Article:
Digital holographic microscopy can reconstruct the images of 3D samples from a single hologram at a fraction of the size and cost of a standard bright-field microscope. It has enabled a plethora of hand-held holographic devices for biomedical diagnostics. Despite these benefits, holographic microscope images generally suffer from light interference-related spatial artifacts, which can limit the achievable contrast in the reconstructed hologram. Researchers have developed a novel artificial neural network-based method, bright-field holography, to overcome these limitations of holographic 3D imaging.
Bright-field holography combines image contrast (microscopy) and snapshots volumetric imaging (holography). The researchers trained a deep neural network using co-registered pairs of holograms and their corresponding bright-field microscope images.
Although the training of such a neural network takes ~40 hours, the network remains fixed after the training. Subsequently, it can rapidly create its output image within a second for a hologram with millions of pixels.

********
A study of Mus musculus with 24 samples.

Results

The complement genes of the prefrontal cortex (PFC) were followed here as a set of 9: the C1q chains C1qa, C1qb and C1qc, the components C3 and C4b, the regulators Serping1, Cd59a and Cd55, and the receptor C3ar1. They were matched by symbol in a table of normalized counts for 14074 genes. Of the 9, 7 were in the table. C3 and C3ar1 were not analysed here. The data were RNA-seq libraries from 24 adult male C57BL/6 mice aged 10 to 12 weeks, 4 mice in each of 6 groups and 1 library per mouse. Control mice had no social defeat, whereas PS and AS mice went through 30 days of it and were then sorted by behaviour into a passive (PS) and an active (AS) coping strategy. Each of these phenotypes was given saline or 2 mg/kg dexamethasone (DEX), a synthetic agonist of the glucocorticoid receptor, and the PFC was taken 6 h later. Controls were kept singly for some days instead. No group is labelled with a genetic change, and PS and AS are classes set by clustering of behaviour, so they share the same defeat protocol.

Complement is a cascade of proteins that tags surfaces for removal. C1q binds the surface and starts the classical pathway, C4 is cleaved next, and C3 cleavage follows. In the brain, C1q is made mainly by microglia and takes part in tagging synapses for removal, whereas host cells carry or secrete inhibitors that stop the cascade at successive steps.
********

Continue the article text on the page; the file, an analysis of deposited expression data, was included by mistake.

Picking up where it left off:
Bright-field holography bridges the contrast gap between traditional hologram reconstruction methods and high-end bright-field microscopes while rapidly removing the need for complex hardware and mechanical scanning to image sample volumes. Rapid volumetric imaging of dynamic events within large volumes is one application that will immediately benefit from this technology, opening up new avenues for significantly advancing high-throughput imaging of liquid samples through deep learning.